Is The Fan Who Buys A Product He Wants A Big Dope?
from the uh,-no dept
Tragically, this is a total misunderstanding of the economic arguments people make. In fact, it's a gross distortion of the argument to make it easy to dismiss, rather than taking the time to understand it. In fact, what we're really arguing is the opposite of finding the big dope. It's about using content to create fewer dopes, replacing them with people who are willingly buying something of value that they actually want. It's the old system that was focused on getting big dopes to pay for things they didn't need or want. The new business models that we talk about -- focused on giving people a reason to buy -- are about just that: offering scarce value, above and beyond the content, that is worth buying -- and that helps fund the content creation. There's no big dope in this scenario, because the people who are buying get a lot more than just the content, and they're thrilled with the transaction. Everyone comes out of the transaction better off.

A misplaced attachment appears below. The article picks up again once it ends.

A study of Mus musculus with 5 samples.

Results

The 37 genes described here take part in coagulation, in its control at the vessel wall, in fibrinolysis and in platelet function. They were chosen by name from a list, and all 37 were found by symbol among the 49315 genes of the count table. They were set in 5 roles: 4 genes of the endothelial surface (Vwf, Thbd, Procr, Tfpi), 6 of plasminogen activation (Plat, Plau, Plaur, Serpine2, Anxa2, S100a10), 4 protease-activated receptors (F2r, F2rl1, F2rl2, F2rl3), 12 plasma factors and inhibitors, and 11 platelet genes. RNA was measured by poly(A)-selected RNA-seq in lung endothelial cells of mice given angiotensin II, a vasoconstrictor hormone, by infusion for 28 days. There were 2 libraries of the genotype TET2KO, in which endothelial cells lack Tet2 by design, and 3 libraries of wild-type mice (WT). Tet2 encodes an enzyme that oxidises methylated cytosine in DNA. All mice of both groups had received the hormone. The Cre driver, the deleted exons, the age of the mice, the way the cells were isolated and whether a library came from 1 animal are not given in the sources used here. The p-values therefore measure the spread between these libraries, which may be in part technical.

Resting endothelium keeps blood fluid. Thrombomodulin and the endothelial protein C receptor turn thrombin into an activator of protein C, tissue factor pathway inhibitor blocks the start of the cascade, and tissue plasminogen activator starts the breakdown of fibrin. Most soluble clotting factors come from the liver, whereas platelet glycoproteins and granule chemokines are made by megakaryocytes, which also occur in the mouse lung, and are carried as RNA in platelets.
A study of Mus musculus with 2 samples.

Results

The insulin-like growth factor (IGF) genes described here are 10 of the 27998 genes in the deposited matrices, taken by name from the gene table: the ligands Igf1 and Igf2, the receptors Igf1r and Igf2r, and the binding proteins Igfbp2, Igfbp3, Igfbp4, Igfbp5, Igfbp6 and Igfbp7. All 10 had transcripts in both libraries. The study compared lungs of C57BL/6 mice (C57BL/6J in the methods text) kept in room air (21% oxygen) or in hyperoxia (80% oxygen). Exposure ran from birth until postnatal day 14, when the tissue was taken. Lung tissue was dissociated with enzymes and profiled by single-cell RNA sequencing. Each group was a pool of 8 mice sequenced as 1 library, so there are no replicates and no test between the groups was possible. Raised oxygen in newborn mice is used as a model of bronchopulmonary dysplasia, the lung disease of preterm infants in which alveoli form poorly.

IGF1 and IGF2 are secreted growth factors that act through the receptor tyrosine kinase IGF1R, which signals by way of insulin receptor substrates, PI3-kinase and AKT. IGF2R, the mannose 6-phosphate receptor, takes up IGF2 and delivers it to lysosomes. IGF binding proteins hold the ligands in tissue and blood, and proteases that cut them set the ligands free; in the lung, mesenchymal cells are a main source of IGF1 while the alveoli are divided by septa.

If you believe in the "big dope" theory put forth by this guy, then anyone who buys a car is a "big dope," because they're financing all of those commercials, which they get to see on TV without paying for them. The percentage of people who buy a car that they saw in a TV commercial compared to the number of people who actually see the commercial is a tiny, tiny number. But does that make those buyers "big dopes?" Of course not. They got something they wanted (a car). Yes, that's a more extreme example, but when you recognize that the content is acting as an advertisement for the bigger reasons to buy, making them more valuable, the analogy fits perfectly. A large percentage of people will never buy products they find out about via an advertisement. But some do. And if enough do, and the product they're driven to buy is scarce and valuable enough, the company makes money. Same thing for content creators.
They're not looking for "big dopes." They're looking for people who want to make an informed decision, in which they get something of additional scarce value, well beyond the content. That sure beats the old system, which appeared to be focused on hiding the content to force a bunch of dopes to pay without knowing what they'd get -- leading them to be disappointed all too often. No offense to this particular musician, but I'd rather have the system I describe, with no dopes at all, than the old one he appears to pine for, in which all your fans are considered dopes.